Hong Kong land sale

Hong Kong to top fiscal 2016 housing supply by 8 per cent

PUBLISHED : Thursday, 29 December, 2016, 5:49pm
UPDATED : Thursday, 13 July, 2017, 8:25am

The Hong Kong government is expected to have released enough private housing land to build 19,460 new flats before the end of the fiscal year ending March 31 – the highest level since the city resumed land sales in 2010.

Secretary for Development Paul Chan mo-po said with land expected to be put up for sale in the

fourth quarter of the current year, the annual total would exceed its private housing target of 18,000 units by 8 per cent in the 2016-17 year.

Two government residential sites, two railway property projects and one project under the Urban Renewal Authority (URA) will be put out to tender in the next three months, adding the equivalent of another 3,610 new units during the current fiscal year, he revealed on Thursday.

The latest release of potential flat supply for January to March, however, will still be 22 per cent lower than the previous quarter’s 4,600 unit equivalent.

“Although the supply of private housing land from government sale in the next quarter is less than previous quarters, this should not be misinterpreted as a lack of residential sites available for sale or the government reducing its land supply,” he said on Thursday. “Rather, it reflects the government’s intention to maintain its steady supply target.

“Exceeding the target by too much may affect government credibility, and the certainty of meeting its annual supply target.”

To ensure land supply remains stable, he added, various private housing plots will be announced in February, providing enough capacity for over 5,000 flats.

In the first three months of 2017, the government is set to offer two residential sites at Whitehead, Ma On Shan and Kai Tak for tender, offering the potential of 1,040 flats.

Chan said another 2,450 flats will be offered by tender at two separate property projects by MTR Corp.

The rail operator is planning to tender the 1,650-unit first phase of the developments at West Rail Kam Sheung Road Station, and an 800-unit at Wong Chuk Hang Station.

The URA, meanwhile, plans to tender projects at Peel Street and Graham Street in Central, which will provide 116 flats. And besides the residential sites, the government will offer three commercial sites and one industrial site for tender in the next quarter.

The most eye-catching site on offer is a commercial site on Murray Road in Central, the first Grade-A office site in the business district to come up for offer in two decades.

Currently occupied by a car park, the plot is valued at between HK$15 billion and as much as HK$17 billion, making it the most-valuable commercial site in the government’s land sale programme this fiscal year.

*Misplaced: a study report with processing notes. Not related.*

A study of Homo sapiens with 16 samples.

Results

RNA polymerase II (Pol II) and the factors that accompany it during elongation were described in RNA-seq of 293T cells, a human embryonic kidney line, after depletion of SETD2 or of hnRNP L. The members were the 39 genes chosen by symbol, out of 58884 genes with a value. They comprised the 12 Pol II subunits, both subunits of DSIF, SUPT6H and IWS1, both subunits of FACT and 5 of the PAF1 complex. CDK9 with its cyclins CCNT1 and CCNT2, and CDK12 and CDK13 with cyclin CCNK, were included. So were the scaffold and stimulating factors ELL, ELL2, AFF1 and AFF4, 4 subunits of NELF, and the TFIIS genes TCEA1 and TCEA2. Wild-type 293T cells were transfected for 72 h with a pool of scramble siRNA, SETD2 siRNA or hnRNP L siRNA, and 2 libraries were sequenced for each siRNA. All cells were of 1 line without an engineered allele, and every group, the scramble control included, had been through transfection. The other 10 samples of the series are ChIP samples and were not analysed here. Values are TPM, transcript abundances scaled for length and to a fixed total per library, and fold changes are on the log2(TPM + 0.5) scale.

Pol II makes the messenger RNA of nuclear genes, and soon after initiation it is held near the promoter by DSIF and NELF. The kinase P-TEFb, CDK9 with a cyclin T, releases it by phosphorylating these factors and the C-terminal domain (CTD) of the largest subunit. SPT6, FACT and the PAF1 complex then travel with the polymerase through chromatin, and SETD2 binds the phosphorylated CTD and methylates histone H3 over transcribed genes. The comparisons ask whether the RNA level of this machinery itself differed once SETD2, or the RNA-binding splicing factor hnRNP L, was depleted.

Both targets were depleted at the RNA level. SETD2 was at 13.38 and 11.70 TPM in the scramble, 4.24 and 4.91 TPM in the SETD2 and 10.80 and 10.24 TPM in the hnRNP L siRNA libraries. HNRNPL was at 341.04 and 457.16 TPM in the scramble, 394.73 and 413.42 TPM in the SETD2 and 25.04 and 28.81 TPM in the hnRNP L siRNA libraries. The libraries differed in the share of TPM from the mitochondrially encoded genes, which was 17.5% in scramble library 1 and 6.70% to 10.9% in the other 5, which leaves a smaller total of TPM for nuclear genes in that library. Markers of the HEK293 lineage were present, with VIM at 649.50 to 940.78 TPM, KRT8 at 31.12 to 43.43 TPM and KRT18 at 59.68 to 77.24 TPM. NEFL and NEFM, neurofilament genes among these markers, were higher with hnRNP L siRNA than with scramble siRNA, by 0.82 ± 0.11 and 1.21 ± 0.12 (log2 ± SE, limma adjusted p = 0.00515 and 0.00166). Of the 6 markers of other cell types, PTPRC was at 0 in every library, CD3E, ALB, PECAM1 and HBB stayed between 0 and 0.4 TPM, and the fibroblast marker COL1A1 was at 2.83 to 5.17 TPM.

Defending recent government sites sold for shockingly high prices, Chan said Hong Kong is a free market.
“There is no guarantee developers winning government sites are bound to make a profit. Home buyers shouldn’t let individual land sale results affect their buying decisions,” he said.

Commenting on the market trend of developing mirco-flats, Chan said the government’s private housing targets are based on units starting at 50 square metre, or about 538 square feet each.

“The resale value of tiny flats will be limited as buyers are difficult to find,” he said.

In the past two years, the government has achieved its housing targets. According to plans submitted by developers to the Building Department , there were 3,000 units more than government forecasts for new flat supply starting from 2011, said Chan.

Thomas Lam, senior director at Knight Frank, said he is confident the government will again achieve its private housing target over the next two years.

“This year, the potential supply of new flats will be at its highest since 2010. But what concerns us is whether the government can achieve its housing target in the medium to long term, in view of the difficulties involved in preparing plots for sale in the Northwestern New Territories,” he said.

Lam said exceeding the private housing target for a single year would have limited impact on home prices, and urged the government to speed up supply of affordable housing, in a bid to increase home ownership.

The latest higher-than-expected new land supply details, however, did nothing immediately to deter cash-rich investors.

Separately, Wheelock Properties announced on Thursday it had sold a 9,950-square-foot house – No.1 Mount Nicholson on The Peak – for HK$1.08 billion or HK$108,543 per square foot through tender.